The idea of natural law flows from the conviction that reality has weight. Ideas of right, wrong, justice and law, should be based not on opinion, which can change from one time to another, and from place to place, but from what all human beings hold in common, regardless of place, time, race, nationality or religion. That common denominator is human nature, and reason's ability to discover what causes human nature to be fulfilled, prosper and attain to authentic happiness.
The Church's greatest philosopher and theologian, St. Thomas Aquinas (1224– 1274), explains the origins of natural law in the following manner:
Do good and avoid evil
Summa Theologiae I-II question 94, article 2 … Now, as "being" is the first thing that falls under the apprehension simply, so "good" is the first thing that falls under the apprehension of the practical reason, which is directed to action: since every agent acts for an end under the aspect of good. Consequently the first principle of practical reason is one founded on the notion of good, namely, that "good is that which all things seek after."
Hence this is the first precept of law, that "good is to be done and pursued, and evil is to be avoided." All other precepts of the natural law are based upon this: so that whatever the practical reason naturally apprehends as man's good (or evil) belongs to the precepts of the natural law as something to be done or avoided.
Since, however, good has the nature of an end, and evil, the nature of a contrary, hence it is that all those things to which man has a natural inclination, are naturally apprehended by reason as being good, and consequently as objects of pursuit, and their contraries as evil, and objects of avoidance. Wherefore according to the order of natural inclinations, is the order of the precepts of the natural law.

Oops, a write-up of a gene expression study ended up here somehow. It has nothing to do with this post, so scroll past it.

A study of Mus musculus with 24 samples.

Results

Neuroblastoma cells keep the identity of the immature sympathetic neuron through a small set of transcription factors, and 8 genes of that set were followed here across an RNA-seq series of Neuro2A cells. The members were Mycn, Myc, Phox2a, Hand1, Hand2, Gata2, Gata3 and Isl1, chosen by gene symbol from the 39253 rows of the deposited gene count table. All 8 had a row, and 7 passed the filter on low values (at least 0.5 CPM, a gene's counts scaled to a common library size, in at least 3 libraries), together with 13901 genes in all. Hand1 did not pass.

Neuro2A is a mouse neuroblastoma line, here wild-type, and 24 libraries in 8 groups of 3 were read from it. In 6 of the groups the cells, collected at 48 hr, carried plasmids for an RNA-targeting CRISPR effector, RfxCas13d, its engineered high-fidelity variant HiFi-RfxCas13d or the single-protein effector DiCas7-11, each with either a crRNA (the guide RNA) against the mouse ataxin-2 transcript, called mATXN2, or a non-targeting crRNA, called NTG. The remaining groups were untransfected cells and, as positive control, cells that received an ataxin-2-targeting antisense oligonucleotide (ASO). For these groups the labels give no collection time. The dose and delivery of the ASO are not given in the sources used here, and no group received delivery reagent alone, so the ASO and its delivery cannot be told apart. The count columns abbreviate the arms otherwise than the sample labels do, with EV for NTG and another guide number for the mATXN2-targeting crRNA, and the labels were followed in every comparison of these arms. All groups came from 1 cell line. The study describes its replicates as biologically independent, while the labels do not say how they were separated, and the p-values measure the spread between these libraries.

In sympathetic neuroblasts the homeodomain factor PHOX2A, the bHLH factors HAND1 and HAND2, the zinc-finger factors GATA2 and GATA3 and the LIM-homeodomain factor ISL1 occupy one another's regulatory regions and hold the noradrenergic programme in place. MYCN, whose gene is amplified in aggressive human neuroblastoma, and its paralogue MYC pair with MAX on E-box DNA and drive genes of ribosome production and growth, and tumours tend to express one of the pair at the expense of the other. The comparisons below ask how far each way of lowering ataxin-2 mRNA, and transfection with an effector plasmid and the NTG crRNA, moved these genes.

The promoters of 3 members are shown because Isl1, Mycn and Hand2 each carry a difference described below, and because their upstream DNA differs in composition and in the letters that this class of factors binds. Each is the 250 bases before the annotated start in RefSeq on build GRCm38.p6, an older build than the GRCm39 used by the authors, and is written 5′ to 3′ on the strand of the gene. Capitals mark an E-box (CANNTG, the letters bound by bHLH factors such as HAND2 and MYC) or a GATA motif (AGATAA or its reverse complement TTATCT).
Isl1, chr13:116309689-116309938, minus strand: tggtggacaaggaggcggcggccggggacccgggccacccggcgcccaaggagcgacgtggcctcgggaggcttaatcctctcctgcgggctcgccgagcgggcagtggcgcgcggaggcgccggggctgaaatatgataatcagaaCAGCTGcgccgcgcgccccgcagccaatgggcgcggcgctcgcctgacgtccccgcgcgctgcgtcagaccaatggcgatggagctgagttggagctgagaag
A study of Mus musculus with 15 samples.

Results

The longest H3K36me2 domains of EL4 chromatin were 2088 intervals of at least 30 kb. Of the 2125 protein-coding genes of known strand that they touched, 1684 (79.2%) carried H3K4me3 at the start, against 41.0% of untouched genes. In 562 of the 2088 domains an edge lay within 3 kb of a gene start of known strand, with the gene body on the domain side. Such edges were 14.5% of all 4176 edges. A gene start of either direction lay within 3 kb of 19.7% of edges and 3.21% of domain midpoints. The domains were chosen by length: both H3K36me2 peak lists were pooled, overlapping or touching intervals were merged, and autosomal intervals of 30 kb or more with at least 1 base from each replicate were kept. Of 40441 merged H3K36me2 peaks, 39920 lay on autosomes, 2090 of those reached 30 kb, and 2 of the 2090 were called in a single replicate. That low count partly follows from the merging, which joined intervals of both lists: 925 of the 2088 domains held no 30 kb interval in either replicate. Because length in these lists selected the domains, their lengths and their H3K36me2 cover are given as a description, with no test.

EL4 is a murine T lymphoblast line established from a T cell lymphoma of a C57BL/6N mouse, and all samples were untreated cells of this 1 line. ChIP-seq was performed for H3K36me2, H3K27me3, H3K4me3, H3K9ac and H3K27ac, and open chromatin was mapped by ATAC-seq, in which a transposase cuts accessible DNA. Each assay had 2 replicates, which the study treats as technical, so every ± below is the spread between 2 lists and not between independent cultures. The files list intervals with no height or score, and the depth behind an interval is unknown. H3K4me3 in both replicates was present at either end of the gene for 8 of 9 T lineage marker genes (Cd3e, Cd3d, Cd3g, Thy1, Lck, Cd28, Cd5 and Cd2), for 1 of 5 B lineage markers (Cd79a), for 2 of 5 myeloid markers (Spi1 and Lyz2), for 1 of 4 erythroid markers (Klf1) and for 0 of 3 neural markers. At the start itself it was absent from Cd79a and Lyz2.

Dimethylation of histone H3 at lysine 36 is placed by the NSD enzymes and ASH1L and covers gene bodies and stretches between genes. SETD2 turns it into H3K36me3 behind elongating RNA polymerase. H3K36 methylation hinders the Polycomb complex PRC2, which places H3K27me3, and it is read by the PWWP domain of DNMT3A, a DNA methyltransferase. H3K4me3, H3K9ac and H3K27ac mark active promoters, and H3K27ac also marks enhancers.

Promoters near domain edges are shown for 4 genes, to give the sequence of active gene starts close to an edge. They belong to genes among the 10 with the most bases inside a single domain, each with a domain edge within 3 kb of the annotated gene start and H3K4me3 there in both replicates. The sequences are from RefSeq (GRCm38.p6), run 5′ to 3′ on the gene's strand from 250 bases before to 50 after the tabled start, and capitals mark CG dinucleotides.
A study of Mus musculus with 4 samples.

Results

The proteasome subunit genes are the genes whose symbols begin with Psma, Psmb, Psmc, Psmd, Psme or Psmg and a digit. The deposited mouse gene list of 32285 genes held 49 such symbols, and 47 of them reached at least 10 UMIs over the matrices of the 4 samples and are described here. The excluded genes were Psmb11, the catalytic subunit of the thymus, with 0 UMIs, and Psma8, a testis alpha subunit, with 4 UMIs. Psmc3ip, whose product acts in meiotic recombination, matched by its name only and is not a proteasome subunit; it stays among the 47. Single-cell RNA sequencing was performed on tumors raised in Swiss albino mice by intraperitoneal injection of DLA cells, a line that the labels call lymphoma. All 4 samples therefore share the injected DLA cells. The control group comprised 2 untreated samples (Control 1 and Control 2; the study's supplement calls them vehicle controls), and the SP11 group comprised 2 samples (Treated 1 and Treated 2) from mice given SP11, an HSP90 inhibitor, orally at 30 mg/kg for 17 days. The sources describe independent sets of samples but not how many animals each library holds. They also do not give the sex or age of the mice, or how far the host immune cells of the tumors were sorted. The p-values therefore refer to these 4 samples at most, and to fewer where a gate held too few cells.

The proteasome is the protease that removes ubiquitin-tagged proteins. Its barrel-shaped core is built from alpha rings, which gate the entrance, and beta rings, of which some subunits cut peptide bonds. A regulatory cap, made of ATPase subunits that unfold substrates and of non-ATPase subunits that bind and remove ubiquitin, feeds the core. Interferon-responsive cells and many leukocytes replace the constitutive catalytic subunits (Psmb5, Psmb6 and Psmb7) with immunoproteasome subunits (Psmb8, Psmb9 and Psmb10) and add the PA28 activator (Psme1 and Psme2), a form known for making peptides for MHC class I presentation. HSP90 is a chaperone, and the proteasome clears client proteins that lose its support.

Because in man there is first of all an inclination to good in accordance with the nature which he has in common with all substances: inasmuch as every substance seeks the preservation of its own being, according to its nature: and by reason of this inclination, whatever is a means of preserving human life, and of warding off its obstacles, belongs to the natural law.
Secondly, there is in man an inclination to things that pertain to him more specially, according to that nature which he has in common with other animals: and in virtue of this inclination, those things are said to belong to the natural law, "which nature has taught to all animals", such as sexual intercourse, education of offspring and so forth.
Thirdly, there is in man an inclination to good, according to the nature of his reason, which nature is proper to him: thus man has a natural inclination to know the truth about God, and to live in society: and in this respect, whatever pertains to this inclination belongs to the natural law; for instance, to shun ignorance, to avoid offending those among whom one has to live, and other such things regarding the above inclination.
 EWTN: In this distinction, the practical reason is where we considered truth in reference to its application, whether in the conscience, or in art, music or technology. This is distinguished from speculative reason, where truth is known simply, or in itself (like theology, philosophy, mathematics or physics).
This is, as St. Thomas notes, the first principle of the natural law. Every other principle can, in some way, be derived from it, or reduced to it.
He also notes how “good” is not simply a matter of taste, such as “I love Mozart, and hate Beethoven, whereas, you love Beethoven and hate Mozart,” but is the “good” or “end” of the nature we all hold in common. This is the origin of the idea of the “common good.”
Thus, whereas, individual inclinations vary from person to person, culture to culture, all human beings are inclined to certain things: “to be,” to perpetuate one’s existence through nourishment, the human race through sexual reproduction, to know the truths upon which an authentic human existence depends, including about God, and to live in society with others like himself.
On the principles of the natural law, therefore, depend the common good of every society. Not following them is the ruin not only of individuals but of entire peoples, as history shows.